Twitter followed up its July purge with another major sweep on November 9, to clean itself of millions of suspicious users which had reappeared since July. The step is an attempt to tackle the problem of fake users which are discouraging investors and advertisers, besides attracting scrutiny from the US Congress.
Friday’s purge was unannounced and resulted in celebrities like Katy Pary losing about 861,000 followers, if social measurement firm, Social Blade’s tally is to be believed. Twitter’s own account has noted a loss of 2.4 million followers.
In July, Twitter announced that it shall no longer count accounts it had “locked” as users, to ensure a more accurate user data; which resulted in at least seven celebrities losing more than two million followers, each. By October, however, many such accounts were “unlocked”, probably by resetting the password; and more than a dozen popular accounts regained about a third of its lost followers, according to Social Puncher, a Russian ad fraud agency. Social Puncher notes that the users had disappeared again this Friday.
On Friday, Twitter said that it “discovered a bug where some of these accounts were briefly added back, which led to misleading follower counts” for “very few accounts.” It had said in July that follower counts might change “more regularly” due to Twitter’s efforts to “identify and challenge problematic accounts.” The ensuing volatility had attracted the attention of prominent public figures like Donald Trump and Elon Musk.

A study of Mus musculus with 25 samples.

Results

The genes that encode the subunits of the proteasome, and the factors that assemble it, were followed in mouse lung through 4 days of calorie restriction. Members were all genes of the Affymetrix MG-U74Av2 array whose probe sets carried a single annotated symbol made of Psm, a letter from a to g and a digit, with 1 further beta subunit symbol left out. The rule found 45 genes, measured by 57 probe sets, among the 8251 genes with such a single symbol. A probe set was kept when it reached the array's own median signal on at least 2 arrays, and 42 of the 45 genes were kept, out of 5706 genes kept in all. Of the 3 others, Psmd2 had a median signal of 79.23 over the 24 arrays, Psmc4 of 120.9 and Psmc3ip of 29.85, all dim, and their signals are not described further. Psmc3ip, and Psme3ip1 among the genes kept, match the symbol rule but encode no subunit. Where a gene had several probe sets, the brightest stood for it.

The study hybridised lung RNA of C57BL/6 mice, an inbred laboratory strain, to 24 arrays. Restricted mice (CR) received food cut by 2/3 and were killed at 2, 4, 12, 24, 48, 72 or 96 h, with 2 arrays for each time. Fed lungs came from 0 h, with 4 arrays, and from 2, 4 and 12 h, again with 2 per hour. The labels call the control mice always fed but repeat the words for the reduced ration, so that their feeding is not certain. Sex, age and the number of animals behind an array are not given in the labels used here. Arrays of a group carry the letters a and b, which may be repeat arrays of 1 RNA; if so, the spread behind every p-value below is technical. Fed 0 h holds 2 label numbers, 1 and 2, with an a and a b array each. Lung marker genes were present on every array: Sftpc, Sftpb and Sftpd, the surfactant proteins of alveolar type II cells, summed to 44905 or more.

While users like Trump have lost followers in recent days, Friday’s cull was larger for most users, popular or otherwise, according to several accounts reviewed by Reuters on Social Blade.
Twitter’s own account has seen some fluctuations since July when it lost 7.8 million followers. Twitter regained 2.36 million by mid-October, only to lose 2.4 million on Friday, according to Social Blade. Some users experienced a similar drop early in October before the followers returned a few days later, says Social Puncher.
The firm also told Reuters that it suspects that the affected locked accounts are controlled by fraudsters making a business out of selling followers to artificially boost accounts’ popularity, with such accounts exhibiting hallmarks of fakes like few profile details, fans, and posts, etc.
MarQuis Trill, a Los Angeles advertising producer, has informed Reuters that he had bought 3,00,000 followers for $4,500 two years ago, and had lost nearly 2.2 million followers in July but had about 30 percent back until Friday’s purge; to expressing frustration with which he has said, “I didn’t buy that many to be losing like that.”